In His Own Words: HBO's Intimate, Astonishing 'Zen Diaries of Garry Shandling' Judd Apatow directs a documentary about the life, comedy and spirituality of his late friend and mentor. The two-night HBO event is built around excerpts from the comedian's revealing diaries.


In His Own Words: HBO's Intimate, Astonishing 'Zen Diaries of Garry Shandling'

Garry Shandling and Judd Apatow on the set of The Larry Sanders Show. HBO hide caption



For the first hour or so of HBO's two-night documentary event, The Zen Diaries of Garry Shandling, you'd be forgiven for assuming the key word in that title is Diaries. In a brief opening, Shandling himself, who died almost exactly two years ago now, shows the diaries he kept all his life to the camera, and reads a particularly banal passage.

He grins. Or maybe he winces. It's a little of both, really. And there it is: That pained smile was the patch of comedy real-estate Shandling staked out for himself, and still owns.

The diaries prove anything but banal, and filmmaker Judd Apatow — to whom Shandling was a lifelong friend and mentor — builds a searching examination of Shandling's life around them. The structure is chronological, as one expects, lingering over a childhood trauma that Apatow treats as the key to Shandling's lifelong neuroses — the death of his brother at age 10. It's the only thing in the documentary that feels less than sure-footed, as — at least at first — it seems like a classic filmmaker idee fixe: the notion that the breadth of a human life can be explained — unlocked — by a single event.

(Apatow waits until the film's conclusion to present a revelation that makes a pretty convincing case that Shandling's life was just exactly as haunted by that trauma as Apatow says it was.)

On the surface — especially at the beginning — it looks and feels like hundreds of other celebrity documentaries: There's footage of very young Garry goofing around with his mom, here's a talking-head recollection from one of his many, many comedian friends, here's a clip from his act, etc.

At first, Apatow uses Shandling's diary entries as connective tissue, like so many other documentaries have before. But it quickly becomes clear that the diaries are much, much more than Shandling's prosaic chronicle of his day-to-day life — they are urgent, searing and shatteringly revelatory cries of the soul.

They're also — at least at first — seemingly anything but Zen. Apatow shows us passages filled self-directed anger and ego, neurosis and vanity. You feel Shandling's drive, his passion for comedy, his thirst for what comedy can do in his life: "I demand truth," he writes, which on its own might seem like the kind of self-help bromide people make inspirational posters out of — but here, in context, it's so plaintive and intimate you find yourself wanting to look away from the screen.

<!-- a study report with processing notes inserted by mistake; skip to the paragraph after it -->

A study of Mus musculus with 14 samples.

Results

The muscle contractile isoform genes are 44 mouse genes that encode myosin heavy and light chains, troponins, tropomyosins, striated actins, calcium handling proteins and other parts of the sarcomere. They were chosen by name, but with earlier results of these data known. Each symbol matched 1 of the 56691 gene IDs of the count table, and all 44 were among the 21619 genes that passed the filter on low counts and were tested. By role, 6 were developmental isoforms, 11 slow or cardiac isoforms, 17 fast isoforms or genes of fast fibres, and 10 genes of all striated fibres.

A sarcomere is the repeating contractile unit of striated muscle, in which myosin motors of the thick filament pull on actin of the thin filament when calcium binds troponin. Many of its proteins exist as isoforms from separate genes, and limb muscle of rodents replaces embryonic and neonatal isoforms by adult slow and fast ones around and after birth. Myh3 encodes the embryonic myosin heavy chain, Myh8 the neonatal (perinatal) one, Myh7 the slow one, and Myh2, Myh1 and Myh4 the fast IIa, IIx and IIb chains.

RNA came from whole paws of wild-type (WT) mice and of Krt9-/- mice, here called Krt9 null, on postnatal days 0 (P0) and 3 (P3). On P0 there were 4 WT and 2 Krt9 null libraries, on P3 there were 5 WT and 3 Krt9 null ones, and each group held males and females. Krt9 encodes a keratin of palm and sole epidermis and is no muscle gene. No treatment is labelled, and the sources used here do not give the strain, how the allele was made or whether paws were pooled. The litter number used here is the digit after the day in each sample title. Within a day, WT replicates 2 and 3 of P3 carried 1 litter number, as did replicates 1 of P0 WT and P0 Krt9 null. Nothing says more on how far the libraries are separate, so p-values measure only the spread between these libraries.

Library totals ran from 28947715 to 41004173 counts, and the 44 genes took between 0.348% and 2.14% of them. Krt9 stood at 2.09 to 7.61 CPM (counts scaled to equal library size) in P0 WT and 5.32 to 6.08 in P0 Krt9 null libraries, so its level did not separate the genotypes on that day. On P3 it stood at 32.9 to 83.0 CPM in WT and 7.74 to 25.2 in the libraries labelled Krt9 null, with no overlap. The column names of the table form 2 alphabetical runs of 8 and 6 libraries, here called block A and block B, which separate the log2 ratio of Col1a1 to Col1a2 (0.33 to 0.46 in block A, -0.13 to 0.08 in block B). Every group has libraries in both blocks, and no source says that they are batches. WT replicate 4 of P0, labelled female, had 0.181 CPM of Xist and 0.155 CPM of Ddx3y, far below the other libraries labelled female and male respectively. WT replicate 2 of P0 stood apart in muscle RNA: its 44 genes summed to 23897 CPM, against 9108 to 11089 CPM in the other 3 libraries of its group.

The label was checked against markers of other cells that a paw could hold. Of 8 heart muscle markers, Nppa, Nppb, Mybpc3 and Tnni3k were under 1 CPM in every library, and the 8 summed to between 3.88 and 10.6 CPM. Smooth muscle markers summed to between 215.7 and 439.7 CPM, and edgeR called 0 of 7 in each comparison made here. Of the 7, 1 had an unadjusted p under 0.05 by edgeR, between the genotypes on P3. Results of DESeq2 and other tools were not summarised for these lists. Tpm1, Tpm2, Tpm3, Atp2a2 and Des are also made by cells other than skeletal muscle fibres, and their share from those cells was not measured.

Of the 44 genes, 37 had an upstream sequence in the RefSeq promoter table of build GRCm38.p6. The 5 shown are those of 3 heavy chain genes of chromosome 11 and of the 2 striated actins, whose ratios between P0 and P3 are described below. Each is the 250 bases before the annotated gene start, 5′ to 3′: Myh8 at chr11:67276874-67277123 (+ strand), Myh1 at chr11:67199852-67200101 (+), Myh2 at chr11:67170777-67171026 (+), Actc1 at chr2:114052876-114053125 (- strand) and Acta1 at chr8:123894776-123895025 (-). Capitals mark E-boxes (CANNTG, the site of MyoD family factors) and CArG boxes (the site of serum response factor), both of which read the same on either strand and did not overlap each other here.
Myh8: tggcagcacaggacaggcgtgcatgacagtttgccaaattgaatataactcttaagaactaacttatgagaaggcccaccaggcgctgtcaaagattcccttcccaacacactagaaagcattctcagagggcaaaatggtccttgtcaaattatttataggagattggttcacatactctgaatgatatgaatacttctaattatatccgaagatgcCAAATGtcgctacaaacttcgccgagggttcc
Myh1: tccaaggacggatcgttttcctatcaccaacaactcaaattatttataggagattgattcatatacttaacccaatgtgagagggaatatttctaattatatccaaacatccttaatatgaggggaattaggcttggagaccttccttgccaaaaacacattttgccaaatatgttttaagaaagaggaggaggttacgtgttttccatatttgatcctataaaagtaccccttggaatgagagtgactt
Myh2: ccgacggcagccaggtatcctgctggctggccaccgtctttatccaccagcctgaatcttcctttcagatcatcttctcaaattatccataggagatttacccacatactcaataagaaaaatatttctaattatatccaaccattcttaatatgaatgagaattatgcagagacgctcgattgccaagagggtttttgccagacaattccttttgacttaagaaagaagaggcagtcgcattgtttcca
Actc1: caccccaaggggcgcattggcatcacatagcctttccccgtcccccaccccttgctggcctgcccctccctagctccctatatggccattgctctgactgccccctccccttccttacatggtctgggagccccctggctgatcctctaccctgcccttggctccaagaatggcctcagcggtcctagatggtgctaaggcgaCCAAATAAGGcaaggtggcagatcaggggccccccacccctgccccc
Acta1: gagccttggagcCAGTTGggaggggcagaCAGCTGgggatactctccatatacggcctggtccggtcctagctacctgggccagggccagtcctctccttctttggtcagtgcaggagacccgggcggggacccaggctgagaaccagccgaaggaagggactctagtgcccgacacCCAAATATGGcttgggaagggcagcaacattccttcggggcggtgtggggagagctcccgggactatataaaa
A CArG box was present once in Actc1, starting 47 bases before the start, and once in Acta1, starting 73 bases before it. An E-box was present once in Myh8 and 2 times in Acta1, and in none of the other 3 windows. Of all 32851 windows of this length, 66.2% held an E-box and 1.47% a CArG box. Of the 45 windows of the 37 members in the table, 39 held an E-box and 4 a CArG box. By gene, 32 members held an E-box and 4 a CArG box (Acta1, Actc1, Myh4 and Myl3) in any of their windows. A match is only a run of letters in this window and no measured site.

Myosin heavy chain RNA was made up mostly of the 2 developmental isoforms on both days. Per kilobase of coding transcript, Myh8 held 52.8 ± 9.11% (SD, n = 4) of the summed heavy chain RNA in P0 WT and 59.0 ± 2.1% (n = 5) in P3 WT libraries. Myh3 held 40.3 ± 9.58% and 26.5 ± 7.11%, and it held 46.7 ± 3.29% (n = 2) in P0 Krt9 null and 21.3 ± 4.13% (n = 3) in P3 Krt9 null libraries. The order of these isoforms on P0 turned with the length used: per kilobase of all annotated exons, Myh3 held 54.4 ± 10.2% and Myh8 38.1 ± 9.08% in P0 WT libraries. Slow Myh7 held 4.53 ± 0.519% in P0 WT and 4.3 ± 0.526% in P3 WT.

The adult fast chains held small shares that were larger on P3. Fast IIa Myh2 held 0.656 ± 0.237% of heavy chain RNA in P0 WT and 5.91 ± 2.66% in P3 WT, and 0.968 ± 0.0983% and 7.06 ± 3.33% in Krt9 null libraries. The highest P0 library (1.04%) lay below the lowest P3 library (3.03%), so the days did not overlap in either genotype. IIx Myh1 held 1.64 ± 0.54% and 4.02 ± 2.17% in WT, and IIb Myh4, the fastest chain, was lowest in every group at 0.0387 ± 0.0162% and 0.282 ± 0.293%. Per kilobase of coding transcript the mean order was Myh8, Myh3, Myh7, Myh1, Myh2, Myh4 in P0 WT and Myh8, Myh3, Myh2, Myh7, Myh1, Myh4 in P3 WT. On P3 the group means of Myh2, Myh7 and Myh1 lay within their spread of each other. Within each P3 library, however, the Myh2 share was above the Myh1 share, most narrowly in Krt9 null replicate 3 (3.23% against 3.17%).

It becomes clear that the diaries were, to Shandling, a daily act of exorcism. As he rose to fame, he filled each page with self-lacerating admonishments and pleas to work harder. Apatow walks us through his comedy career, and the diary entries serve as a kind of neurotic Greek chorus: His stand-up success, his stint as guest host on The Tonight Show, his ground-breaking first series It's Garry Shandling's Show and its even-ground-breaking-er follow-up, The Larry Sanders Show.

We also hear from plenty of his friends about several behind-the-scenes events that led him to, and kept him in, Buddhist practice: the souring of his relationship with his manager, Brad Grey, his participation in a series of lawsuits, some health scares, and the slow-motion car-crash that was his film, What Planet Are You From?

As he nears what we now know will be the end of his life, the diary entries grow more generous — to himself and to others. That's when you realize that the most important word in the title The Zen Diaries of Garry Shandling is Zen after all — we see it in the excerpts, but we also see it in contemporaneous footage of Shandling with friends. In one conversation with Jerry Seinfeld, Shandling is notably warm and effusive, delighted just to be sharing time with his friend. In another conversation with Ricky Gervais, filmed for the Larry Sanders DVD extras, Shandling is the exact opposite — prickly and deliberately (and hilariously) antagonistic. (You'll be on Shandling's side.)

It's important to include that uncomfortable exchange, and not just to watch Gervais squirm (though that is a solid bonus). It's a testament to Apatow's approach, which assiduously keeps the film from becoming the kind of fawning, hagiographic portrait it could easily have been. The Shandling of The Zen Diaries is no comedy legend, no saint, no larger-than-life figure — he's an imperfect man, easily wounded, who perpetually seethes with jealousy, self-doubt, ego and anger.

But to watch The Zen Diaries of Garry Shandling is to watch that imperfect man striving to make himself less so. It's not just Apatow's love letter to a dear friend, it's a love letter to the lifelong effort Shandling undertook, to the grueling work required to heal a damaged soul.

The Zen Diaries of Garry Shandling airs on HBO over the course of two nights: Monday, March 26th at 8:00 p.m. and Tuesday, March 27th at 8:00 p.m.